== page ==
USS Los Angeles Class Submarine SSN-688/VLS/688I (3 in 1)

Published on
July 12, 2012
Review Author(s)
Product / Stock #
Company: Hobby Boss
Provided by: Squadron - Website: Visit Site
Box Art

The Los Angeles-class is a class of nuclear-powered fast attack submarines that forms the backbone of the United States submarine fleet. With 42 submarines on active duty and 20 retired, the Los Angeles class is the most numerous nuclear-powered submarine class in the world.

  • SSNs 688-718 – Original Los Angeles class
  • SSNs 719-750 – Starting with SSN 719 and beyond, the last 31 hulls of the class have 12 vertical launch tubes for the Tomahawk cruise missile.
  • SSNs 751-773 – The final 23 hulls (SSN 751 and later) referred to as "688I" (for improved) are quieter, incorporating an advanced BSY-1 sonar suite combat system and the ability to lay mines from their torpedo tubes. They are configured for under-ice operations in that their forward diving planes have been moved from the sail structure to the bow and the sail has been strengthened for breaking through ice.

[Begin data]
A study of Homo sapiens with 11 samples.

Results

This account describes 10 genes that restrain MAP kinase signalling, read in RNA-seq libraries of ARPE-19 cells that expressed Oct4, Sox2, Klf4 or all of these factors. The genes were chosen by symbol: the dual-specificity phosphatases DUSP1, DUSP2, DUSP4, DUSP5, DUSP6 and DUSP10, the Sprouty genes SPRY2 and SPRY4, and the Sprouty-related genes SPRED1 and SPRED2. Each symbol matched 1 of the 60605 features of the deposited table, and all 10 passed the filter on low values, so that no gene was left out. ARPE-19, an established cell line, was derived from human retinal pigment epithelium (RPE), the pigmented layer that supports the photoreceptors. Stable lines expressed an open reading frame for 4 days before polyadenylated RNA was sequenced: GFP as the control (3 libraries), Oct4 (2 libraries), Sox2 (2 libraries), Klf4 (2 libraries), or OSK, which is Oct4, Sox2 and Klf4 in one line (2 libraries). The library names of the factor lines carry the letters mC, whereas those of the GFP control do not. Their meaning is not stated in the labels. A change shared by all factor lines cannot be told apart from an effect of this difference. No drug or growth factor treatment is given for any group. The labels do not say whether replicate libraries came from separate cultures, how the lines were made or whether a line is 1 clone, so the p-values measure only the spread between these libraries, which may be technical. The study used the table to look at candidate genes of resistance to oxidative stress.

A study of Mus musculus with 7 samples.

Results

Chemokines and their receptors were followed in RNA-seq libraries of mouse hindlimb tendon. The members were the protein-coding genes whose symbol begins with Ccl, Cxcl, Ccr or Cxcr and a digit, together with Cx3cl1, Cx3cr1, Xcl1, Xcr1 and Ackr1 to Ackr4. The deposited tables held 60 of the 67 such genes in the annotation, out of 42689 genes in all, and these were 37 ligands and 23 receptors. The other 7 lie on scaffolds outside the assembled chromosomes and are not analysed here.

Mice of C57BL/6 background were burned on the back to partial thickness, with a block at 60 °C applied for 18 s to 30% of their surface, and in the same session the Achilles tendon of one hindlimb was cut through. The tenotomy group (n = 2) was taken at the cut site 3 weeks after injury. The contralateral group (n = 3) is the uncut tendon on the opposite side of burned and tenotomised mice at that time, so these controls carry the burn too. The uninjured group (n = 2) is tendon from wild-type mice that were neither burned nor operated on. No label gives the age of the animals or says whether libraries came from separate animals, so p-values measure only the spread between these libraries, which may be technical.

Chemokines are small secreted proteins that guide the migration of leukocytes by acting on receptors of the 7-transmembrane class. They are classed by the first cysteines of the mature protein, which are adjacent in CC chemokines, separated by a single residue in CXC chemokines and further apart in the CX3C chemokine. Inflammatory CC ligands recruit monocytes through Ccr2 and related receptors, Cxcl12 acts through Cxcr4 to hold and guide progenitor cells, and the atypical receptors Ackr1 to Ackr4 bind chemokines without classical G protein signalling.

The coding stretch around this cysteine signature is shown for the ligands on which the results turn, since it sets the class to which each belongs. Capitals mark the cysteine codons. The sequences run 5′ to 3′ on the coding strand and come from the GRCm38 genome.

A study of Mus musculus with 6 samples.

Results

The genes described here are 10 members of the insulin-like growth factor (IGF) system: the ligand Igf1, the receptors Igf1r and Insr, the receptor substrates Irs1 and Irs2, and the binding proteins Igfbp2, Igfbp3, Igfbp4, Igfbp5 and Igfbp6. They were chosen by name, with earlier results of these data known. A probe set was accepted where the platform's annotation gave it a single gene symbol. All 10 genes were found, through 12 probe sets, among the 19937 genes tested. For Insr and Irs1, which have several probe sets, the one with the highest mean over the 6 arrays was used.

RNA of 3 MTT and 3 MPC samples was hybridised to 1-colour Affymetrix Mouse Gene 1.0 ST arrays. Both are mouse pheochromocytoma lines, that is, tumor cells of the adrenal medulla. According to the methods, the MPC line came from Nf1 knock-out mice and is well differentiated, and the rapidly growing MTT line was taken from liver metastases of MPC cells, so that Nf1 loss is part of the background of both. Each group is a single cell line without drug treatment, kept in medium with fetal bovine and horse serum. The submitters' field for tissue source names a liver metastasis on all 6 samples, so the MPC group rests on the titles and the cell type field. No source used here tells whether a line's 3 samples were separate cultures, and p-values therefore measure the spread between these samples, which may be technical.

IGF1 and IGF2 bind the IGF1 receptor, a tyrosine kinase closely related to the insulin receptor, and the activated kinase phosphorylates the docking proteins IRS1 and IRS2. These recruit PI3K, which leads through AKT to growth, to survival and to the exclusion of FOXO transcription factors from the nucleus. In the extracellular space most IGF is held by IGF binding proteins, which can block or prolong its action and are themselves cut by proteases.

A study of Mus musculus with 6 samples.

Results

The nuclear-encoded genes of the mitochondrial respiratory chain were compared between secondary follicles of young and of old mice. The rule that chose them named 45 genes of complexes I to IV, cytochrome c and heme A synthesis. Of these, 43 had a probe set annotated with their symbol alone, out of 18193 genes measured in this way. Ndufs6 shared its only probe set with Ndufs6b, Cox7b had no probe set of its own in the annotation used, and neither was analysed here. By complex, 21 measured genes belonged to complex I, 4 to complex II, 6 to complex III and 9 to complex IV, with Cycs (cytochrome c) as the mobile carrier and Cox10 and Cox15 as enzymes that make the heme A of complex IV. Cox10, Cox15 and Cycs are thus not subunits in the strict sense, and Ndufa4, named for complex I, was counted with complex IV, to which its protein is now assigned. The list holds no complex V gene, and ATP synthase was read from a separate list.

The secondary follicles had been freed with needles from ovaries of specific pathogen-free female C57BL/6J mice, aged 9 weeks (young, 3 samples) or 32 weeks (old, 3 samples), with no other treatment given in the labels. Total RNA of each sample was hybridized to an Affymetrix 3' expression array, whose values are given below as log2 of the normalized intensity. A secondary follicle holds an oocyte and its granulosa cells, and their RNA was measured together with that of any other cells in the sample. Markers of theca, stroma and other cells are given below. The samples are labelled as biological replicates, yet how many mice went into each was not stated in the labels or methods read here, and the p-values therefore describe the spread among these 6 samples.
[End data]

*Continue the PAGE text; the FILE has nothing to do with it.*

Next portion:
HobbyBoss’ new kit is a “3 in 1,” which means that there are options to build a 688, a 688 with VLS, or a 688I. To do this, there are one lower hull, two upper hulls, two different sails, and a stand. To detail the kit, there is a sprue of detail parts, a stand, a photo etch fret with props, and a label for the base.

I elected to build SSN-721, the USS Chicago, which is a 688I class with no diving planes on the sail and has the VLS system. The kit is well molded and fit is good throughout. I assembled the hull first; a little putty was required, but not much. Some of the parts are small, so be careful not to lose them. I used the injection molded prop, as it had the correct bend to it. The sail was assembled and the periscopes left off.

There is an excellent full-color page showing markings and color numbers. After the surface was prepped, I sprayed the bottom Tamiya Hull Red. This was masked off and a dark gray was used. I followed with brass for the prop and then I sealed the entire thing with Alclad clear.

Once dry, I added the decals and here I ran into a problem. The decals for the SSN-721 folded over for the sail and I just couldn’t save them. I ended up having to use SSN-688 decals. They still looks good, but they’re not accurate. I added a black wash to bring out the highlights. A couple coats of flat and it was finished.

This is a great little kit with great fit, lots of options, and a cool subject. Recommended! My thanks to Gary Newman of Squadron Products for the review kit and IPMS/USA for the opportunity to review it.